I love the mountains. There is something wild and glorious and wonderful in them. It sings to me, calls to me, speaks to a part of me that nothing else quite matches.
Nearly every photo I see of the mountains does something for my soul, simultaneously quenching and igniting a hunger. I miss the mountains when I am away from them. I crave their rugged and majestic beauty.
Yet even when I am surrounded by rocky mountain wilderness, absolutely immersed in their beauty, I still sense that something is missing. Something is still not quite as it should be.
I am homesick for a place I’ve never been.
He has also planted eternity [a sense of divine purpose] in the human heart [a mysterious longing which nothing under the sun can satisfy, except God]
Ecclesiastes 3:11b AMP
God has set eternity in the hearts of men. So often we are so frantically trying to fill a void that screams for attention, that we fail to give it the thought and perspective it deserves. We are not home yet.
Though we have glorious glimpses of heaven on earth, we are yet homesick for a place we have never been, a country we have yet to visit.
So, we try to fill the void, numb the homesickness, kill the desire, or drown it in business, noises, or temporary highs so that we do not notice the ache. I think more than anything, the mountains remind me of the ache, the glorious eternity God has set within my heart to draw me to Himself.
On top of having just visited family and gotten a glimpse of my mountains, the closing of a year and the dawning of a new has a way of making me exceptionally reflective and hopeful.
Looking a little deeper at common human questions, the holiness of the void and our attempts to fill it is vital for soul health, for growth, for LIFE. But like pretty much everything, the enemy of our souls takes a good, God thing and perverts it.
There is no neutral ground in the universe; every square inch, every split second, is claimed by God and counter-claimed by Satan.
When we can examine our lives and hearts in the context of God’s original design and His word, we can bring clarity to the distortion and light to the shadows.
Take for example our quest for improvement. New Year’s Resolutions. Everyone filled with brand new hope for the new year.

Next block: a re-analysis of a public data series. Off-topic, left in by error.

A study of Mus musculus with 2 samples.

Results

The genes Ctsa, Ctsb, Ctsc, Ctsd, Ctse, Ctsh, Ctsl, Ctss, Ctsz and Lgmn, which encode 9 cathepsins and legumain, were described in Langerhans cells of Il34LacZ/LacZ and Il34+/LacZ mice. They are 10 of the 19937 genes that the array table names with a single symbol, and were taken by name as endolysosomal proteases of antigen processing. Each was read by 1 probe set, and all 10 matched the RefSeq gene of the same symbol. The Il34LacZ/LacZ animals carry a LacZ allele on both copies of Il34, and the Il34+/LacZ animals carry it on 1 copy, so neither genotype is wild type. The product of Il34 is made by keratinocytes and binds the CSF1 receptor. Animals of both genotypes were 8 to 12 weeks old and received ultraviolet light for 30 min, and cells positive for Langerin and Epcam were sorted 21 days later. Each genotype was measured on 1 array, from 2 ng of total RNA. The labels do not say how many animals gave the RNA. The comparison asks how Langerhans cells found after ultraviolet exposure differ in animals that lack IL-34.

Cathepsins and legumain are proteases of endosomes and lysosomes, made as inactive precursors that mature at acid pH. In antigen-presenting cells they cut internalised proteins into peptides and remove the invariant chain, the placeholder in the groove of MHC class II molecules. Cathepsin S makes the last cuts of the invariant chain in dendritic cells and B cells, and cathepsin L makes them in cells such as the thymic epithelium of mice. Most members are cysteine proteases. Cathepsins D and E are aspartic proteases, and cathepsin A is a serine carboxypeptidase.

The longing for growth is holy.
The Bible speaks again and again of sanctification.
Sanctification is really just a fancy word for growth, holy growth- looking more and more like Jesus than the sinner he saved.
But when the true motivation for our growth plan is comparison, unhealthy competition, or to earn love, we fall prey to the deception of the enemy - that our worth is based on our achievements.
Like the rest, we were by nature deserving of wrath. But because of his great love for us, God, who is rich in mercy, made us alive with Christ even when we were dead in transgressions-it is by grace you have been saved.
Ephesians 2:3b-5 NIV
The truth of the matter is, we were priceless while we were yet enemies of God. He loves us because He IS love, because we were created BY a love God for the purpose of fellowshipping with Him. He loved us before we had ever done a thing for Him.
So before you set a whole passel of New Year goals, take some time with God to sit down and set Holy goals, God-centered goals, the goals that He would have you working towards this year.
Here are some questions to help you start this process:
Do I know God better now than I did a year ago?
Am I honestly giving my spiritual walk the priority that it deserves?
How much time do I spend in the Word every week?
-reading my Bible for myself
How much time do I spend in the presence of God (NOT including church)?
-worship, prayer, time hanging out with God enjoying His friendship
Do the people that I spend the most time around encourage me in my relationship with God or pull me further away?
What do I spend the majority of my free time doing?
Where do my thoughts wander to by default?
What non-fiction books did I read last year?
What are my passions and God-given gifts?
What am I doing to develop my passions and God-given gifts?
Am I faithfully using the resources that I have now?
How can I schedule my time better to achieve my goals?
How am I actively serving those around me?
Are there things that I need to step away from or say “no” to for a season?
The answers to these questions are a great starting point, but let the Holy Spirit guide you here. Let Him tweak, change, and bring correction where needed. Let Him celebrate with you in the areas where you’ve had success. He’ll show you exactly what goals to focus on and what steps to take to achieve them.
What about you? What areas is God leading you to focus on this year?
Have you been a good Goal Achiever in the past? If so, what worked for you? We wanna hear!